I want to start by saying that this is not a politically-oriented blog, nor is it about the news or current events. And, I am not an economist, far from it, I’m one of those sorry Americans who doesn’t really know alot about how our government works. (I’d be one of those people getting polled on Fox News, saying “uhhhhh, I don’t know!”)
But something struck me the other day when I was reading the news online. Many people, when faced with losing their home, choose to pay off credit cards instead. I am sure they have reasons that make sense to them at the time, but I don’t understand how a person will be able to stand underneath their Visa card when it’s raining and expect to stay dry. Which brings me to my point: how on earth did we get to this, in our society, where people have literally nothing? I mean, people have huge houses full of stuff, yet have nothing. Maybe I’m getting to the ripe old age now where I am saying “When I was a kid…” but when I was a kid, people didn’t have these issues. If people had steady work, and weren’t poor to begin with, they had money in savings, I’m sure (because they are all retired now!). We have so many huge, easily half million dollar houses in our area and we can’t figure out where these people are working. Now, with the news of all the foreclosures, I am understanding why. People have bitten off more than they could chew, and the results are disastrous.
What has happened to us as a society that we have to have more, more, more? People buy over the top appliances, new furniture on a whim, redecorate their homes often to reflect changes in design for the year. When I was growing up, my dad was a professor. It was one of the better paying jobs in the area, yet we lived modestly. We didn’t take expensive vacations, we had the same furniture forever, we didn’t replace appliances with the “latest and best” because the ones we had still worked. It was the same with my friends – I did have some friends who were really in hard times, but the ones who weren’t, they didn’t do these things either. When my parents got divorced, it was hard on my mom financially, and she was very good at being frugal. But before that, we just didn’t toss money away like people seem to do now. We lived within our means. There was money in savings. Mom and Dad owned their house and didn’t have huge amounts of debt.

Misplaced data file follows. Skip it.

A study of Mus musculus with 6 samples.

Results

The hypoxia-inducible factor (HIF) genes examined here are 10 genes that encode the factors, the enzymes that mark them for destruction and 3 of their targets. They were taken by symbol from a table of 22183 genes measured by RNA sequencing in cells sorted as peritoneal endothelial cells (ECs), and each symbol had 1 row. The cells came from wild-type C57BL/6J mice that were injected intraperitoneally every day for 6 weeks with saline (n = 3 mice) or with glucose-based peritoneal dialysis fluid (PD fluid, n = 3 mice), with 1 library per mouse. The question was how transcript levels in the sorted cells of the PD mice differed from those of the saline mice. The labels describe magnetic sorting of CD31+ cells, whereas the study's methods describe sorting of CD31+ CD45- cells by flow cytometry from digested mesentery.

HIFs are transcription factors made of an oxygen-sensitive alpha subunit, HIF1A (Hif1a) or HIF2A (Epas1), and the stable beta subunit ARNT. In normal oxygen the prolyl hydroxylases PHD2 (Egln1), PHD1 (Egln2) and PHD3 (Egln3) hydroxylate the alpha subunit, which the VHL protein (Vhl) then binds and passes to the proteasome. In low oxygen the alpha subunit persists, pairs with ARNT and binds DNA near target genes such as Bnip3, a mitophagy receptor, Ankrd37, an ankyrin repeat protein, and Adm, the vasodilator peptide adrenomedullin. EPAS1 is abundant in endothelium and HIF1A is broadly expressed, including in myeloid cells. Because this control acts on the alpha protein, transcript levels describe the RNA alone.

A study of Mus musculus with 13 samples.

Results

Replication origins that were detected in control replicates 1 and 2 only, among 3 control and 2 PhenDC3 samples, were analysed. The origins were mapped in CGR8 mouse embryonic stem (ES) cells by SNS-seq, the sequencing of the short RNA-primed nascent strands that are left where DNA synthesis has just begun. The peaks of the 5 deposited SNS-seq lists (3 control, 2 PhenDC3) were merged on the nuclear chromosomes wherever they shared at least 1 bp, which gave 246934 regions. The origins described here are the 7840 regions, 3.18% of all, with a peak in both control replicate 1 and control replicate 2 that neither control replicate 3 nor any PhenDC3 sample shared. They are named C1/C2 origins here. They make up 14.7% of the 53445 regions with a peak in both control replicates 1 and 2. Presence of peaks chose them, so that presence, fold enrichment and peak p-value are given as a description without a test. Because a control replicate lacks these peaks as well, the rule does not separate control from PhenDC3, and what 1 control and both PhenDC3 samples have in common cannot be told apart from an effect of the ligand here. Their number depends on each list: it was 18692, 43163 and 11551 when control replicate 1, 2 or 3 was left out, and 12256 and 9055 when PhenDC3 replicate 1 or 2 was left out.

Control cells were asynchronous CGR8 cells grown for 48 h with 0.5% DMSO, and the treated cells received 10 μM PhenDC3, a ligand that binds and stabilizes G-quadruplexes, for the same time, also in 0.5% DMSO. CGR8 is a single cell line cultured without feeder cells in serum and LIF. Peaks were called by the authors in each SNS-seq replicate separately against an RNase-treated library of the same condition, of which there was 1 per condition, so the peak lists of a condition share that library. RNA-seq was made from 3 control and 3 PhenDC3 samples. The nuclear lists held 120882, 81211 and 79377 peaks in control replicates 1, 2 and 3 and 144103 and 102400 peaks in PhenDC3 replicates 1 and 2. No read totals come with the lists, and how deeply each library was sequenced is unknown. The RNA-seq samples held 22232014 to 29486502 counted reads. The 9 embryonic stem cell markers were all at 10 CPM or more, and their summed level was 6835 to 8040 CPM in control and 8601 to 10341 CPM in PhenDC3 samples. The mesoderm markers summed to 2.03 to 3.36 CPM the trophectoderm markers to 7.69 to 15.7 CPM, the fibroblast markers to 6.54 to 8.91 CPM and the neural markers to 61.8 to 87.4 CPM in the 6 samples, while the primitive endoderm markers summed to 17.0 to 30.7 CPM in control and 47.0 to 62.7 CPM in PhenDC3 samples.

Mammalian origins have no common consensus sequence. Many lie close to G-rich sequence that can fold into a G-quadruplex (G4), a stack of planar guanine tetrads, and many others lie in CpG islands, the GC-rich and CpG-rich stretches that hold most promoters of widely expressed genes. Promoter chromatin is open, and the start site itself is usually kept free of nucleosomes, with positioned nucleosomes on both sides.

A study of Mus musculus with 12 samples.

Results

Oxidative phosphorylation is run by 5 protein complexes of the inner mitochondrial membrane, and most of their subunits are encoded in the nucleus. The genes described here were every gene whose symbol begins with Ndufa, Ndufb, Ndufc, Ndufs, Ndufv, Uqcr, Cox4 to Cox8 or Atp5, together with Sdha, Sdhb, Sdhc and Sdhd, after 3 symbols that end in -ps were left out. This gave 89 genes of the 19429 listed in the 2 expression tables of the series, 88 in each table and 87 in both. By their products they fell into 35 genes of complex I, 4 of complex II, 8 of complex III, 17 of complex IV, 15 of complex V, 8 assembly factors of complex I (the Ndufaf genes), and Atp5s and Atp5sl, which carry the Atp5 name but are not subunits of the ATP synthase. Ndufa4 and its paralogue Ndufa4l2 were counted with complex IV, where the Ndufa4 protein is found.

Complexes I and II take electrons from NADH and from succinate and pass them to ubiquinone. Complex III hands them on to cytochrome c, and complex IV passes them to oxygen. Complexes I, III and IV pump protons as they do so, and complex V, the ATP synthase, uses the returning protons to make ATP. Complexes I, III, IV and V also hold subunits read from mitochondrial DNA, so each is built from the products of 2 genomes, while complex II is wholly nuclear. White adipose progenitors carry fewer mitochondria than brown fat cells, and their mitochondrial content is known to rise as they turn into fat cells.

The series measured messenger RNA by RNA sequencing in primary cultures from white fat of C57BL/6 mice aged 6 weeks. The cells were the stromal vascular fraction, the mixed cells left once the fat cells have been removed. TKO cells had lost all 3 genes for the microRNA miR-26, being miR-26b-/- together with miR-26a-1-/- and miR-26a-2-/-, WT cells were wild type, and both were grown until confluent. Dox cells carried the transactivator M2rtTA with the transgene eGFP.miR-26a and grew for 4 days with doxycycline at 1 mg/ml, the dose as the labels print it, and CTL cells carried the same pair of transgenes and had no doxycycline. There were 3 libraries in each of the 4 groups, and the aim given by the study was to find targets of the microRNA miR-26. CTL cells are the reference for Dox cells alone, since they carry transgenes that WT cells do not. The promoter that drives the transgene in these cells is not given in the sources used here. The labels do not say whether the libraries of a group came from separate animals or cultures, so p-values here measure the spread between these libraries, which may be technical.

A person can argue that prices of everything have gone up. But, my dad told me a while back that his starting salary when he started teaching was $8,000 per year. I know what professors start at now and it’s not that! (This was back in the late 60’s.) A person can argue that important things have gotten more costly – houses in general, insurance of all kinds, cars, fuel. And this is true. But, can we not take a little responsibility for the mess that we are in? I think banks are at fault too, supposedly being “experts” that people trust, luring folks into very tempting home equity loans and mortgages whose payments can increase on a whim. I got a phone call from our mortgage lender a few years ago, wanting us to sign up for a “checkbook”, where you could basically use your house as an ATM. Kid need braces? Write a “check”! Want a vacation? Write a “check”! Want to redecorate? Want new furniture? A car? A college education? Food? Write a “check”! I asked if it was a fixed rate. She said, no, it wasn’t. I told her I didn’t think it was a good deal. She became irate on the phone: What did I mean, it wasn’t a good deal?? It was GREAT! EASY!! CONVENIENT!!! What was bad about it? Fast forward to 2008 where middle class people are becoming homeless!! That’s how great it was!
So my answer to how people with regular jobs are affording houses that are $300,000. The answer is, they aren’t. It’s in the news. And it’s very scary. I have definitely noticed an increase in the prices of basic stuff like food. It is costing more to transport it because of the cost of fuel, so we get to absorb it. I am easily spending $40 more per week at the store. That includes things like diapers, cat litter, over the counter medication and the like, but it seemed to be a big, SUDDEN increase. Fortunately we live well within our means (modest, older home with small payment, no car payments, no credit card debt, old, hand me down furniture, etc.) and it’s not going to hurt us horribly. But people are going to feel the pinch, and are slowly going to stop shopping for nonessential things. Since shopping makes the American world go round, things WILL slow up. It doesn’t take someone with a degree in economics to see that our debt-ridden society can’t continue living off air! It’s bound to catch up with us at some point. And unfortunately, we are starting to see it now. Where we go from here, who knows. The tax “refund” everyone is going to get this year (where THAT is coming from, I don’t know, since the USA is broke too) is either going to pay off debt or into savings, according to polls. Not out into “shopping” like they are hoping. (I’m wondering who is going to pay for this “refund” later on? Us?)
Then there are other concerns. Why people who work their asses off aren’t getting health insurance? Why people with college educations cannot find work and cannot make ends meet? Why people are not being paid what they are worth? Why people cannot afford a decent life even if they are working their butts off? I know plenty of folks who do not have money in savings and have debt because their needs still exceed their income! I know people who work their tail ends off and are trying to support families and struggle so much, and I think, it shouldn’t be this way. I think if you work hard, you shouldn’t need to worry about being in the hole for something as simple as, say, an appendectomy.
I can hear the words of generations gone by echoing in my head, “We are going to hell in a handbasket. What is WRONG with people today?” Now I am that generation. Funny how things change.